The trail up Rock Creek to Timpa Lake is accessed from the Middle Fork of the Boise River Trail 3.6 miles up the canyon from Mattingly Junction. Check out that adventure for an overview of the M.F. Boise canyon or the Atlanta overview for more general info about the greater region.
The canyon between Mattingly Junction and Rock Creek traverses through sparse forest on a series of connected alluvial fans that have accumulated on the valley floor beneath Peak 9,266. Depending on how far you have traveled, hiking this section can feel a bit like riding a slow-moving conveyor belt through the somewhat monotonous canyon landscape.
The trail up Rock Creek to Timpa Lake feels like a bit of an anomaly. The astounding 45 switchbacks probably required some of the most extensive trailwork in the Sawtooths, yet they lead to one of the least impressive lakes in the range. Timpa Lake sits at the bottom of a narrow cleft. Surrounded by lush grass and fed by numerous springs, it is hard to get within 10 feet of the shore without getting your feet wet.
From the map it might seem that the Rock Creek Trail provides the best access into the Surprise and Confusion Lakes Basin. The scramble from Timpa, however, is a bit of a thrash through dense forest and underbrush. It is far easier to climb the Middle Fork Trail to the Ingleborg Divide and then traverse off-trail into Low Pass Lake.
One of the things that Timpa does have going for it is the solitude. Dead-end trails tend to get less use, and if the overgrown feel of the trail is in any indication, the canyon probably sees only a handful of visitors each season. The other attraction is the stunning hike along the creek upstream of Point 8,920. With its four waterfalls, this section is in the running for one of the most beautiful creek-side trails in the wilderness. And the views across the valley to the Mattingly Peak massif are not too shabby either.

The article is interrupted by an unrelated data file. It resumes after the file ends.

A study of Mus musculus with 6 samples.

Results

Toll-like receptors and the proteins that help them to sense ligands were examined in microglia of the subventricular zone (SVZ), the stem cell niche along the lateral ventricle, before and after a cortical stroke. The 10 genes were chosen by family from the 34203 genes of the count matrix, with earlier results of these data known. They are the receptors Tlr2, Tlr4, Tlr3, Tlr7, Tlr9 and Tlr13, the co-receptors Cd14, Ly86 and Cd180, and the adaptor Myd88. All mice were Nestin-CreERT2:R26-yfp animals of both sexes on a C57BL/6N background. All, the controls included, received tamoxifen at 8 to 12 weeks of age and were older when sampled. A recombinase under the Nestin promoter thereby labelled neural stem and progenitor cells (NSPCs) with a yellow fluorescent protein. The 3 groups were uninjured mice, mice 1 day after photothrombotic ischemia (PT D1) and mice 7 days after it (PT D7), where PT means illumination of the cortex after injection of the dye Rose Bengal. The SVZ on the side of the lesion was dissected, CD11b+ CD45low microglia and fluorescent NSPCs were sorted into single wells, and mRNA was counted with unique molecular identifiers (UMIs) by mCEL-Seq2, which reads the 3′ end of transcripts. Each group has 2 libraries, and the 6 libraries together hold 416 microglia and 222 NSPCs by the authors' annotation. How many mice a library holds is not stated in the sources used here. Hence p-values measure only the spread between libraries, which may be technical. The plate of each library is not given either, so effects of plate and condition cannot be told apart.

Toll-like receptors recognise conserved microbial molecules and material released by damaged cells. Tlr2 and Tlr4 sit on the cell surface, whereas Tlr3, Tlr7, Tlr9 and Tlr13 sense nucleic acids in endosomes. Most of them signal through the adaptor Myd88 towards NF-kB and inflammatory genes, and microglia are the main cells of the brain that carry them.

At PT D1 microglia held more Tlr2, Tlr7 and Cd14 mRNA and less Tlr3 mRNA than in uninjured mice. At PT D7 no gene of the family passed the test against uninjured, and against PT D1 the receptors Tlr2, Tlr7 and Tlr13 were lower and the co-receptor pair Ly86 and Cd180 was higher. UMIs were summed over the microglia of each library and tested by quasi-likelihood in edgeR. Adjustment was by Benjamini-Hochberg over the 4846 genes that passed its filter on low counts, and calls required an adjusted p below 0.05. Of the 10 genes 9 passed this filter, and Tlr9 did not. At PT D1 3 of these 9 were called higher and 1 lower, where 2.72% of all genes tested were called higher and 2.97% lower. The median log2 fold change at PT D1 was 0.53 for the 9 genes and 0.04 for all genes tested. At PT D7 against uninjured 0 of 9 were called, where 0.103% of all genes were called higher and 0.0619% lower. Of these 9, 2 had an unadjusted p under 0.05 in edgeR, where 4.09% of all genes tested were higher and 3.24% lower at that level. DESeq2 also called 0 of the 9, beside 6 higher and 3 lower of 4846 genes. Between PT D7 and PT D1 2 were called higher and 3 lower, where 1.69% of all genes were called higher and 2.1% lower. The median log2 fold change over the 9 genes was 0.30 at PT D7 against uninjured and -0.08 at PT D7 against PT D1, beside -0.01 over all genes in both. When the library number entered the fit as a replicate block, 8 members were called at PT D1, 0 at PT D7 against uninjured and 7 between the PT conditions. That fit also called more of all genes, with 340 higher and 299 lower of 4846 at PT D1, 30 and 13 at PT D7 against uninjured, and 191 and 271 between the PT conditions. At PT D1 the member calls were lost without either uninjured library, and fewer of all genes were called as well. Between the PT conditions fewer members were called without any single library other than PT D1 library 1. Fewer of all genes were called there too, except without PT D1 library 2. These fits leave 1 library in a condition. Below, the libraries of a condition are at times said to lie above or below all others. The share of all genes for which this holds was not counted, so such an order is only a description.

Two creek crossings have the potential to derail access to Rock Creek. The first, across the Middle Fork, is probably manageable at high water. The second, across Rock Creek, requires some striding leaps between large boulders at low water and has the potential to be very intimidating at higher flows.
If you are going to make the hump up to Timpa Lake, it seems worthwhile to climb Peak 9,737. The west ridge is a straightforward scramble and can be looped south to Point 9,242. This perch in the center of the Middle Fork of the Boise River drainage offers an outstanding perspective of the canyon as it splits around the Billy Creek buttress. It also looks directly into the secluded north side of the Mattingly Peak Massif.
Most of the trail lies within the Sawtooth Wilderness. Please observe the following regulations:
• Mountain bikes are not allowed past the wilderness boundary.
• Self administered wilderness permits are required and available at the trailhead.
• Dogs must be on a leash between July 1 and Labor Day.
• Camp 100 feet from trails, lakes and streams.
• Pack out all garbage.
• Human waste should be buried and well disguised in a cat hole 6 to 8 inches deep. Pack out all toilet paper.
• Campfires allowed ONLY in a backcountry pan or fire blanket.
• Campfires are NOT allowed at some lakes and in some drainages in the Sawtooths. Please review the campfire restrictions at individual trailheads.
• Permits required for all stock use in the wilderness. No grazing allowed in the Salmon River watershed (this includes the Alpine Lake drainage).
• No equine stock at Edith Lake. ALL stock prohibited in the Goat Creek and Alpine Creek (Alturas Lake) drainages.